Quarrel ensues over new housing proposal

by Jake Kapsner

A proposal to develop student housing near Dinkytown could offer respite in a time of University housing burdens, but bigger doesn’t necessarily mean better to neighborhood residents opposing the project.
Developer A.G. Mueller looks to build a 56-unit apartment building to house 200 students on his property at the corner of 14th Avenue Southeast and Sixth Street Southeast.
But Marcy-Holmes Neighborhood Association members voted against the project May 5, citing concerns that the building will increase population density, exacerbate parking problems and disrupt the area’s architectural character because of its size.
“It’s totally out of place,” said association president Jan Morse. “Imagine this development plopped down in the neighborhood.”
The design’s typical apartment has four bedrooms, two bathrooms, a kitchen and commons area. Preliminary estimates for bedrooms range from $350 to $400 apiece, said Thomas Van Housen, the architect who designed the project.
Van Housen said the structure is compatible with the neighborhood because other high density buildings already exist in the area, such as the Chateau on the western side of Dinkytown.
The development will also help boost the local economy, Van Housen said, because more people means more business.
University Housing and Residential Life director Mary Ann Ryan said there is a need for more student housing.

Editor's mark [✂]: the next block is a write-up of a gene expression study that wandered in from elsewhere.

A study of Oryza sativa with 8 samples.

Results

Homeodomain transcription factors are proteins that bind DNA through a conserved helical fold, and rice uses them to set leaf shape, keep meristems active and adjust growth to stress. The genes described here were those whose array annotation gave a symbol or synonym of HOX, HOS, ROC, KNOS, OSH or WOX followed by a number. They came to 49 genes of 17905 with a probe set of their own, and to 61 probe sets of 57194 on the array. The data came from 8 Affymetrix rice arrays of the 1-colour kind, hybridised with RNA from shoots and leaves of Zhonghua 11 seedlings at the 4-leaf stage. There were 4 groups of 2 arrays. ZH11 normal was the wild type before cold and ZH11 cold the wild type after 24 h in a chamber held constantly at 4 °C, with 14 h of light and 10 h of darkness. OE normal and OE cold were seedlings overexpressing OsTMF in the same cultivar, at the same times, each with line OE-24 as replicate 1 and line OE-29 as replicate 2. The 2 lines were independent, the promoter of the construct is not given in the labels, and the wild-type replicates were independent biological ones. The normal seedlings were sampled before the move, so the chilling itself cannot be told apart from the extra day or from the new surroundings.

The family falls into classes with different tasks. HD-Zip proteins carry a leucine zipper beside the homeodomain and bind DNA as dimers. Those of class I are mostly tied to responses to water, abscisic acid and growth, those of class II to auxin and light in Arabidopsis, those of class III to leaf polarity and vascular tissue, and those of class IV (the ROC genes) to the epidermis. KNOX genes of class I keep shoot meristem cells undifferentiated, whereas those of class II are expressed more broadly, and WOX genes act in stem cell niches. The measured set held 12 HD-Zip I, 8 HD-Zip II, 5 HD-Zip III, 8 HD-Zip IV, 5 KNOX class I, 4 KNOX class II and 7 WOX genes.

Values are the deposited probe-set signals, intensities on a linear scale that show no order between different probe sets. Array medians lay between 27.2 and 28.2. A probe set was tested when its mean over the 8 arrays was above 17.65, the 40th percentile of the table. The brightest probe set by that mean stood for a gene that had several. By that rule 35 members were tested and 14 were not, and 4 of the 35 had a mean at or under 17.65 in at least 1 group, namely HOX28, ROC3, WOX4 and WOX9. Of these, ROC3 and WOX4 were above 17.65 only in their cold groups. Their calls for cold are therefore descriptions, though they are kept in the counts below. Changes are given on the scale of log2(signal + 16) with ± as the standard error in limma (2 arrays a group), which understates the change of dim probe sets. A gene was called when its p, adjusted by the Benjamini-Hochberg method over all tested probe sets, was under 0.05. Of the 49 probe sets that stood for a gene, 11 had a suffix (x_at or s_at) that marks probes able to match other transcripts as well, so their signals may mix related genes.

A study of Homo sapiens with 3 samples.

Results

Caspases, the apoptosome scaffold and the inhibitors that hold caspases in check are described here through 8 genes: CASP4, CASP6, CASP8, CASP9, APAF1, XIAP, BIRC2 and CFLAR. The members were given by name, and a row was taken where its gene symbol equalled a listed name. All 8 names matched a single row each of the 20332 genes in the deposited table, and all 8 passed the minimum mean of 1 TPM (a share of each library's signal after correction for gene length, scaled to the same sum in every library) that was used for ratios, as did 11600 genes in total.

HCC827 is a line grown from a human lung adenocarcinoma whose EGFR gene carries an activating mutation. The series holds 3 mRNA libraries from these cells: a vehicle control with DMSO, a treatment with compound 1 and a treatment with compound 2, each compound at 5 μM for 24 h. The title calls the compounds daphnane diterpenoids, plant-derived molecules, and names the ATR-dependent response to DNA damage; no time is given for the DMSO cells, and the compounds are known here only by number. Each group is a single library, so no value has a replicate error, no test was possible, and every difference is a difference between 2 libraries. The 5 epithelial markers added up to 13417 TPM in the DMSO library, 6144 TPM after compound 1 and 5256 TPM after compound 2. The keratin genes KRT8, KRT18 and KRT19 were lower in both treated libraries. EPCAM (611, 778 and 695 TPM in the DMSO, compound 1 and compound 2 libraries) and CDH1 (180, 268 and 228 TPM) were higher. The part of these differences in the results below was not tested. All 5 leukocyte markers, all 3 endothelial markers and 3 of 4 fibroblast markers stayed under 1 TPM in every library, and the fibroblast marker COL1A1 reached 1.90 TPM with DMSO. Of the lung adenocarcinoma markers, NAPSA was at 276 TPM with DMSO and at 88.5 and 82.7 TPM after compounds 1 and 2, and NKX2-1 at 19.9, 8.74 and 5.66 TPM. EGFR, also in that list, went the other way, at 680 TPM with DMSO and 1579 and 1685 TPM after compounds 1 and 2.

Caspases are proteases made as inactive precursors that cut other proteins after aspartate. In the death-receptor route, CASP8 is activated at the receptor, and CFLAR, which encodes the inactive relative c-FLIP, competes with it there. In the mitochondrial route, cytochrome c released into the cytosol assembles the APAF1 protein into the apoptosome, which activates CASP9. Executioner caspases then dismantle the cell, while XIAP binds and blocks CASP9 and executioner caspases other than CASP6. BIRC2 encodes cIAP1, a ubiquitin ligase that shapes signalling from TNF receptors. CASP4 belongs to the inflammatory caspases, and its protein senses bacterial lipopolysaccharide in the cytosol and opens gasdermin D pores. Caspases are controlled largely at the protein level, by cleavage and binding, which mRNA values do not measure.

She also stressed that the development process requires sufficient time to study community impact issues.
Some opposing members criticized the aesthetic plans for the building, which they say is too big for the area.
“It’s like putting a big dorm right in the middle of that neighborhood,” said University student Ahne Hall, a board member who opposed the development.
Although the neighborhood association can voice its opposition to the project, Minneapolis planning and zoning officials have the final word.
Morse said the association would support a smaller development and asked Mueller and Van Housen to scale back the proposed building from five to three stories.
Van Housen said a low-density project simply wouldn’t pay for itself because of costly property values.
But conflicts between local neighborhood associations and developers are nothing new, said councilwoman Joan Campbell, whose ward includes the proposed development.
Prospect Park residents encountered a similar situation with Dunbar Development Corp., last year when the company proposed to build the University Village student housing complex at 2515 University Ave. S.E. After negotiations, Dunbar took suggestions from residents and Minneapolis officials before breaking ground on the site in April.